ROGERSVILLE — The Hawkins County Board of Education is expected to consider approval of a systemwide Christian-based student mentoring program next month that would recruit and train members of the community to meet with troubled children at school.
Steven Seaton was volunteering as a student mentor at Lawrence County’s Alternative School when he was recruited by the I Am For Kids program 13 years years ago to shift the organization’s focus from group mentoring to individual mentoring.
Seaton, who is now the organization’s CEO, told the BOE Tuesday he grew up in a home filled with “abuse, neglect and abandonment” and as a result had a troubled youth. He needed attention, and connection, and he got the attention he needed by getting into trouble.
“A lot of kids, what they need is that connection, and that’s something the teachers can’t give because they want to teach their class,” Seaton said.
I Am For Kids recruits and trains community members to meet with a student once per week to share what they’ve learned about life and to encourage them. Seaton said the “faith community” plays a large role in that recruitment.
The school decides which children need a mentor, and the weekly meeting with a mentor takes place at the school in an open setting to prevent any possibility of “scandal.” Mentors must pass the same background check as any school employee or non-faculty coach, and then they are approved by the BOE before receiving mentoring training.
Seeton was introduced to the BOE Tuesday by attendance supervisor Greg Sturgill, who noted that the Hawkins County school system had about 1,000 chronically absent students last year.
“Research shows one of the No. 1 ways to get students to come to school more often is building those relationships,” Sturgill told the BOE. “They have a loving and caring adult in the school they can reach out to and talk to and confide in. One way to provide those adults is through mentoring.”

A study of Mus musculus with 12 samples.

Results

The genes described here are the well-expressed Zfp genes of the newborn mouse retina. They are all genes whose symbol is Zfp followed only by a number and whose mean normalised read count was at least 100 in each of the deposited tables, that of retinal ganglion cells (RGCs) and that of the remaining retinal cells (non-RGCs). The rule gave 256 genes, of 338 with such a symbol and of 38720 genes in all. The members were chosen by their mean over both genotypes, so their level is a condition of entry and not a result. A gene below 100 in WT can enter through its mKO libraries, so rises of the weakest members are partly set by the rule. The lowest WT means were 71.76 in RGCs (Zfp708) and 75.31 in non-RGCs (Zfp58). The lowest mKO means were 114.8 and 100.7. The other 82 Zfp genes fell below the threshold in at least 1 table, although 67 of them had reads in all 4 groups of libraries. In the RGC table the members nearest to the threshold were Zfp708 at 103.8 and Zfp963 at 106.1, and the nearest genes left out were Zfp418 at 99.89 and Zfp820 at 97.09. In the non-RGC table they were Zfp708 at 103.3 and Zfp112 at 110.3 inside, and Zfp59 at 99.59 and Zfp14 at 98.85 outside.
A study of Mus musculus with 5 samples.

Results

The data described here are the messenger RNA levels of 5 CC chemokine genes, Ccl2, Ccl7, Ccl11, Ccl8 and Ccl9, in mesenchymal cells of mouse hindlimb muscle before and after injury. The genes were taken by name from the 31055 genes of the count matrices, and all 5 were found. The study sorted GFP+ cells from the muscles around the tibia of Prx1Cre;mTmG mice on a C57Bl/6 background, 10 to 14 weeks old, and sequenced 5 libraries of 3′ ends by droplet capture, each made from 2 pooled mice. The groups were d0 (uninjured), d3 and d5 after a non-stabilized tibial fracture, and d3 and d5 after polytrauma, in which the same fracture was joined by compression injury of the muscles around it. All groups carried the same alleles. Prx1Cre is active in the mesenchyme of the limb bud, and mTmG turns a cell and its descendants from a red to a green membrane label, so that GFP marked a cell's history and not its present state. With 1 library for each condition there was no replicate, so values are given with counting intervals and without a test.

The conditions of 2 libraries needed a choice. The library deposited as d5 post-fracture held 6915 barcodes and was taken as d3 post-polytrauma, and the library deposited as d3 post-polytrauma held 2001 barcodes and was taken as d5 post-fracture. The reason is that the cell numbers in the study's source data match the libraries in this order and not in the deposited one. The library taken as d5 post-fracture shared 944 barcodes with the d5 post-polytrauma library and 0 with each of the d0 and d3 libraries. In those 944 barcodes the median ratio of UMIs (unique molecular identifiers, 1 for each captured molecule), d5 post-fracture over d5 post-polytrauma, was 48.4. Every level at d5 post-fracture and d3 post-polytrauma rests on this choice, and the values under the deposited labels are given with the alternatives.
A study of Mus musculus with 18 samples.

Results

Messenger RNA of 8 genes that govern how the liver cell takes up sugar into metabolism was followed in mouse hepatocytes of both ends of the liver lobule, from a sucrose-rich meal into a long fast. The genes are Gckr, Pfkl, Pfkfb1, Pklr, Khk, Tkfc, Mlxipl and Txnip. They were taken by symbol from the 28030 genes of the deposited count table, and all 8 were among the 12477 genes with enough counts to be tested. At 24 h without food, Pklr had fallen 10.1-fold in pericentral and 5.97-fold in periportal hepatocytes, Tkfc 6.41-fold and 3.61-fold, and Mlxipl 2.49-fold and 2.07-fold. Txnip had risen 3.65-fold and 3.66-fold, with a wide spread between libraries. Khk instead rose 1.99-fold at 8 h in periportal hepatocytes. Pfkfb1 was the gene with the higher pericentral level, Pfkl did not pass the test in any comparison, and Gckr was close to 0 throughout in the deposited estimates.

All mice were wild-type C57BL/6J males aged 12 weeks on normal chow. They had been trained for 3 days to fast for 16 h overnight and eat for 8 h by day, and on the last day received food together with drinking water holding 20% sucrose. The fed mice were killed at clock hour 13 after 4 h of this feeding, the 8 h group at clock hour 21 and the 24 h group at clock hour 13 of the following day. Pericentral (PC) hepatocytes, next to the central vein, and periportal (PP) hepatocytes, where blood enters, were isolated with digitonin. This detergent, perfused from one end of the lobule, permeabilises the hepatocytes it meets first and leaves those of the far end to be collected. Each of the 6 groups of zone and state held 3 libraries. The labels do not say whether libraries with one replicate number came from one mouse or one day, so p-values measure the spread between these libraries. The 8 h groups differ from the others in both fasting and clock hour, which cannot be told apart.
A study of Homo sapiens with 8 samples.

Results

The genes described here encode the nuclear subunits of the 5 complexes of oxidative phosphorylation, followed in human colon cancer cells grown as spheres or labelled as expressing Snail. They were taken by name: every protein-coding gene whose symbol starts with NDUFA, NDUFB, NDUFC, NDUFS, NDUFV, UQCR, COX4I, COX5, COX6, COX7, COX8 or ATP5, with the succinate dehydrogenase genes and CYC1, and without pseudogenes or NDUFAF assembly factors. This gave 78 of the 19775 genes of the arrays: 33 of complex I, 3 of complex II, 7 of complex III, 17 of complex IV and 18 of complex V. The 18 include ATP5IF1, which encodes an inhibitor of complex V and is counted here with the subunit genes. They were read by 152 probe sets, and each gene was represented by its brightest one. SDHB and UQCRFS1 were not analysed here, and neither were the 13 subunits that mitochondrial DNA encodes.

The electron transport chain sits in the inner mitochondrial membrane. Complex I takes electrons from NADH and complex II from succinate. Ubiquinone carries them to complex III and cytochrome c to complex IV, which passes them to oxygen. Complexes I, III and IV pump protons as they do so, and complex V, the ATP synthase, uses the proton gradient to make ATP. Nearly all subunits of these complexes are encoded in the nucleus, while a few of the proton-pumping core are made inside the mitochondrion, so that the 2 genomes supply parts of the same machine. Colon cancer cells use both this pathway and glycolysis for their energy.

Director of Schools Matt Hixson told the Times News Wednesday I Am For Kids is a faith-based Christian company that operates based on ethical and moral standards.
“We are not advocating for a religious group to come into Hawkins and work with our students,” Hixson said. “We are, however, very interested in partnering with groups like I Am For Kids to proactively address the social, emotional, and behavioral issues we are facing each and every day in our classrooms. I Am For Kids has assured us there is no persuasion, proselytizing, or evangelism of any sort within their program or through mentors. In fact, it is the school board’s decision on who is approved as mentors.”
Hixson noted that if I Am for Kids, or any other organization, attempted to use student access inappropriately, the school system would end their partnership immediately.
“With that said, it is worth noting that many of the issues we see in our schools stem from a lack of morality,” Hixson said. “The moral foundations many of us were taught at home, in our churches, and from those who mentored us as kids simply are not there. Thus, we do see a need for mentors to come in and assist our school staff with teaching these standards of morality, civility, and general sense of right and wrong.”
Hixson added, “If approved, we hope I am For Kids, and other ventures we will undertake to combat such issues, will start to make a difference in our students’ behaviors and fill the needs we see and are experiencing in our schools.”
Aside from recruiting and training adult mentors to help older students, I Am For Kids also trains high school students to mentor elementary school children.
Seeton described I Am For Kids a nonprofit, faith-based organization whose motto is “Schools and community working together for student success.”
It would be funded through contributions from churches, civic organizations and clubs, businesses, and individual citizens.
“When I train mentors, I let them know, each child has two questions,” Seeton told the BOE. “Am I loved, and do I have value? If those questions are not being answered at home, then when they come to school they cannot focus on academics. They will not focus on academics. They will not think about future career choices. They can’t choose a career path. They’re not going to focus on morals, character. The whole community loses if we cannot answer those two questions. I know because I was one of those kids, and I received a mentor.”
BOE member Bob Larkins suggested that the board take a month to study the program and then put it back on the agenda for the Dec. 5 meeting.
Chairman Chris Christian noted, “You can never go wrong when you mentor a child, and we don’t have enough of them. This world is getting more vicious for our children every day.”